Thanks for a beautiful and emotionally evocative story. It reminded me of my family and our connection to food and history. I hope you continue to make guest appearances in the Food section.
Vienna was just across the border from the country town where my mother grew up. She had sampled the city's more sophisticated fare, and she was also endlessly curious and experimental in her own cooking. As a result, she was as undaunted by souffles, both savory and sweet, as by stews, as comfortable with puff pastry as strudel dough. She could even transform stodgy old English steamed pudding into a light, chocolatey confection that melted on your tongue.
My parents' families were decimated by the war; my father died a year after the conflict ended. My mother worked long hours as a dressmaker to keep us housed and fed, and our life together was lonely. The only times I glimpsed the sheer joy and sensuality of which she was capable was at dinner, when we were celebrating or entertaining. My mother loved providing food for others, and my friends were always welcome to eat at our house. She'd stand over the table loaded with goodies, raise her sherry glass, tell a dumb joke and start to laugh uncontrollably, sometimes till the tears came.
In 1991, Czechoslovakia split into two countries. Since my relatives are from Slovakia, I've been reproved now and then for calling myself Czech. I understand why Czechs feel the need to maintain their superiority. The Czech Republic is urban and sophisticated, home to scientists and musicians, as well as writers like Kafka, Capek and Kundera. Extraordinary movies emerged during the Prague Spring of the 1960s and are still made there to this day. The image of the archetypal Czech is of a small man, wise and a little world-weary, deeply contemplative in his own eccentric way and given to ironic shoulder shrugs. Slovaks? Well, the wild and crazy guys portrayed on Saturday Night Live by Steve Martin and Dan Aykroyd are supposed to be Czech, but anyone who knows anything can tell they're really Slovak.
But the place where my parents were born was called Czechoslovakia, and I still see the countries as one. Certainly the two cuisines don't differ much. When I finally visited as an adult, I found that Prague was everything I expected, a witchy, grotesque, ghost-ridden, beautiful and history-soaked city. You could easily understand how the Golem was conceived and born here, a being created by the mystical Rabbi Loew in the sixteenth century to protect the Jews. The spell of the city is so strong that, as we stood outside the Old New Synagogue and listened to our guide telling us that the Golem's body was still in the attic, that it will rise and walk again whenever Jews need protection, I shivered in the summer heat.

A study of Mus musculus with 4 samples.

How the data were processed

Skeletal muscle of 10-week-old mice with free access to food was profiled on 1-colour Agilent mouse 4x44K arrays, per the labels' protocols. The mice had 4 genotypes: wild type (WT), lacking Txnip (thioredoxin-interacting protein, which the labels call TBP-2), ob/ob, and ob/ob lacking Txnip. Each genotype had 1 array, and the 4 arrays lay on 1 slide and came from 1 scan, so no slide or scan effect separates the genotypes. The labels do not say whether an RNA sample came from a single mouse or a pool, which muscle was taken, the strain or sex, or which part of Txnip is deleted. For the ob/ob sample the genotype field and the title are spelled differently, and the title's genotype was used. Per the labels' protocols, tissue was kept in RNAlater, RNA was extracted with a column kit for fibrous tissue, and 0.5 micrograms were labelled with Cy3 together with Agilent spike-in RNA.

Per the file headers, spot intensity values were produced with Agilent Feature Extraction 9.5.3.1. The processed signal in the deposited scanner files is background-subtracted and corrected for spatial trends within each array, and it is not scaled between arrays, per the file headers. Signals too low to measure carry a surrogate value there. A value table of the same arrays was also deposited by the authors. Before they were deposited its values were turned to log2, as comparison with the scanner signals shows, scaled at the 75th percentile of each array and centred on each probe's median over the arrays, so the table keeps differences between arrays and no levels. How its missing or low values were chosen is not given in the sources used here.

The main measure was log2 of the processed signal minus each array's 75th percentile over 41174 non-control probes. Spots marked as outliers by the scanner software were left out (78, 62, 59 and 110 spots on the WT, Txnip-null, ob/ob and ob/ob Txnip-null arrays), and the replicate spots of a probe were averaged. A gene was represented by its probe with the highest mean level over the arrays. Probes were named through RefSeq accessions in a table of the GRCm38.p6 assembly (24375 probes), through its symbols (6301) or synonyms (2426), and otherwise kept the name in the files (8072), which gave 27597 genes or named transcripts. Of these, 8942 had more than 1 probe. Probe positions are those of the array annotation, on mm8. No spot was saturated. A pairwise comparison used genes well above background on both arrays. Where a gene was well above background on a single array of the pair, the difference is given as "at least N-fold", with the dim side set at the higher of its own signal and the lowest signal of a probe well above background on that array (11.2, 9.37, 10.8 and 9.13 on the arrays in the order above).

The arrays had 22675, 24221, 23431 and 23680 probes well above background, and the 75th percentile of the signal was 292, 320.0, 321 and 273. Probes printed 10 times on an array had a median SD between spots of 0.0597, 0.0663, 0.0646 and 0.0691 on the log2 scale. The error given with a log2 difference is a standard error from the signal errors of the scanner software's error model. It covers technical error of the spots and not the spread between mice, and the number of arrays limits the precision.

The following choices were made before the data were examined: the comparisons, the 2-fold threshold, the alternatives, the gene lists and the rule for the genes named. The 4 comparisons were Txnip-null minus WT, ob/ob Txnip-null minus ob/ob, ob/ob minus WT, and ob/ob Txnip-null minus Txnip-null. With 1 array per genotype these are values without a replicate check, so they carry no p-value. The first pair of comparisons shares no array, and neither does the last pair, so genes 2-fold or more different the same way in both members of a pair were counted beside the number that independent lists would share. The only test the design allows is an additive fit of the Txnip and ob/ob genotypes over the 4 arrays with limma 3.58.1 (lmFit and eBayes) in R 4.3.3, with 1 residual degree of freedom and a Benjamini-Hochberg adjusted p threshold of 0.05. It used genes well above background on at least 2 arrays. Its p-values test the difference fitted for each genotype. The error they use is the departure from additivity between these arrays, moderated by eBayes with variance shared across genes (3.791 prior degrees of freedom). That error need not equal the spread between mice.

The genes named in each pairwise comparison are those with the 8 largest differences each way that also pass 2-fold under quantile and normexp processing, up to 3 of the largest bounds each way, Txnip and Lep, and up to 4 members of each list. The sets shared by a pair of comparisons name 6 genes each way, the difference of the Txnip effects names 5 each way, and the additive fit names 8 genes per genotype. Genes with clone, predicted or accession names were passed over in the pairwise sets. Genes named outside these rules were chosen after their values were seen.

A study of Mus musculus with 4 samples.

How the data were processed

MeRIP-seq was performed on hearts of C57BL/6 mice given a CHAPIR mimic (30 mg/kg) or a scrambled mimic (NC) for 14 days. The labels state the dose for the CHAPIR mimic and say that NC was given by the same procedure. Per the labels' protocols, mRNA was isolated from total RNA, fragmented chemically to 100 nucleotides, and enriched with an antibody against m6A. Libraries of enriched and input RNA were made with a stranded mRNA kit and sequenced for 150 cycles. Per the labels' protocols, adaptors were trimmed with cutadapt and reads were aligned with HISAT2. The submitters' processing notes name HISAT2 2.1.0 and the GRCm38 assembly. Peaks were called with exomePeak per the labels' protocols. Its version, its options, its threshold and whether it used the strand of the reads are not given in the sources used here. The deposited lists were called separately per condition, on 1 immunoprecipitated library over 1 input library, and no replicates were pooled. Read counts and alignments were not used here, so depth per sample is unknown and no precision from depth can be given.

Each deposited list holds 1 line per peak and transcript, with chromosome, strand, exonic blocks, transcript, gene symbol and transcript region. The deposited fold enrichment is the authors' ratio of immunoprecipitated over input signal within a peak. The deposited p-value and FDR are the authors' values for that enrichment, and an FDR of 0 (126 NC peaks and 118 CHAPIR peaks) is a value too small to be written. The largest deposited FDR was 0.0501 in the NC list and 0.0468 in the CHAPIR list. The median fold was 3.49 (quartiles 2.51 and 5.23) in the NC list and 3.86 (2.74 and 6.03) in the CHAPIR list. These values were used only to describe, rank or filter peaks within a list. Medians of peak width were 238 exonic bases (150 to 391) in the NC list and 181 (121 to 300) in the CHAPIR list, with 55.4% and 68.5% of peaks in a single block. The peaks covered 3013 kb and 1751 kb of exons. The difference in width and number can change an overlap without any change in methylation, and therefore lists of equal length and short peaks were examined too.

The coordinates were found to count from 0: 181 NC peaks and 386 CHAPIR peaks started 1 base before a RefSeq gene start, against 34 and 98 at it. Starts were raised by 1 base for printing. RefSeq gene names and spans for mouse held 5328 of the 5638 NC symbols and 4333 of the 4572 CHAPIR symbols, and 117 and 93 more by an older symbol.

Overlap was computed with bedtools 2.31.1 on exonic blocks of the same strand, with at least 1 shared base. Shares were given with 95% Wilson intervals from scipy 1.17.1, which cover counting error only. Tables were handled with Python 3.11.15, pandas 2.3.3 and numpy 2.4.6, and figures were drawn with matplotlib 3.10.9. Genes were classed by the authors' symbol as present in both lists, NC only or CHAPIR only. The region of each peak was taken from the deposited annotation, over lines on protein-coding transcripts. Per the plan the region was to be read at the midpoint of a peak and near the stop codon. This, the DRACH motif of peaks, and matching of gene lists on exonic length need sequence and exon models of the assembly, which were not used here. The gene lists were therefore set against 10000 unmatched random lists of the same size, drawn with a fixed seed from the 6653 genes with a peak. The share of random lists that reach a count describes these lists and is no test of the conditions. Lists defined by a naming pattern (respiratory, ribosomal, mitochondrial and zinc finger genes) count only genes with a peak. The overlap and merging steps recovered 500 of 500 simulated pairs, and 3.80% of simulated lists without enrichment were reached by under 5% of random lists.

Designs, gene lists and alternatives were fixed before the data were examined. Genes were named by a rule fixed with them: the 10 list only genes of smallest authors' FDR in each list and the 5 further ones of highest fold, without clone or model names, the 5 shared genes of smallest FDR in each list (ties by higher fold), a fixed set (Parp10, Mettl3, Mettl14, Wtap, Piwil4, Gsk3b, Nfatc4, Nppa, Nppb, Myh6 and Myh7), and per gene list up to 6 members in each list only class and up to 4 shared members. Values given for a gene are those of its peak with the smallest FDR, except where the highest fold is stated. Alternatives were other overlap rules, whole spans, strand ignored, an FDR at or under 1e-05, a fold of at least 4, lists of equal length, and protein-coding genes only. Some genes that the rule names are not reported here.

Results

The food I ate in Prague, however, was the bland food of the guidebooks. My clearest food memory is of a waitress at the restaurant I frequented flatly refusing to provide plain rather than carbonated water. "No," she kept saying. "Only with bubbles." It was a couple of years after liberation, and the Czechs hadn't figured out consumerism yet.
In Slovakia, ancestral memories stirred. Another cousin, Kathryn, had returned to Svolen some years earlier seeking reparations, and by now she owned a city block, on which she ran a beer garden and an ice cream parlor. (Slovaks have an insatiable appetite for ice cream.) The town consists of a castle and a main street with a church on each end. The cheese factory is owned by a French company. Where my family once lived, there's nothing but fenced dirt, discarded wrappers, broken glass. Shortly before my visit, a pile of human bones had been discovered by workers renovating one of the churches, and these were piled haphazardly against a wall. No one knew where they came from, or whose they were.
In Bratislava, the country's capital, Lucka served apricot jam at breakfast and plum dumplings after dinner. In the morning, I listened as she spoke across the fence to a neighbor in a language and accent as familiar to me as my own breath. In the middle of the week-long visit, she took me to meet her friend Margaret, who served us Nescafe and ice cream. I watched them talk in Margaret's formal living room, with silver-framed photographs and vases of intricately hand-carved Czech crystal. It was such an ordinary scene: two old women, both widows, both Auschwitz survivors, bonded in a way I could never understand, chatting in that still, hot place. The old people of my childhood drifted into my mind, the displaced Czechs and Hungarians in their London rooms. Mr. Nachod, who walked the neighborhood with his black spaniel, Blescu, and sometimes let me filch the brown sugar cubes he had specially sent from Europe from his sugar bowl. And gentle, tiny Auntie Marta — Martaneni — lying in her bed in a darkened room. The first time I visited her alone, when I was nine, she directed me to a bottle of cognac hidden in a top drawer and suggested I take a sip. I did. It felt wicked and wonderful; I can still feel the slow burn behind my breastbone.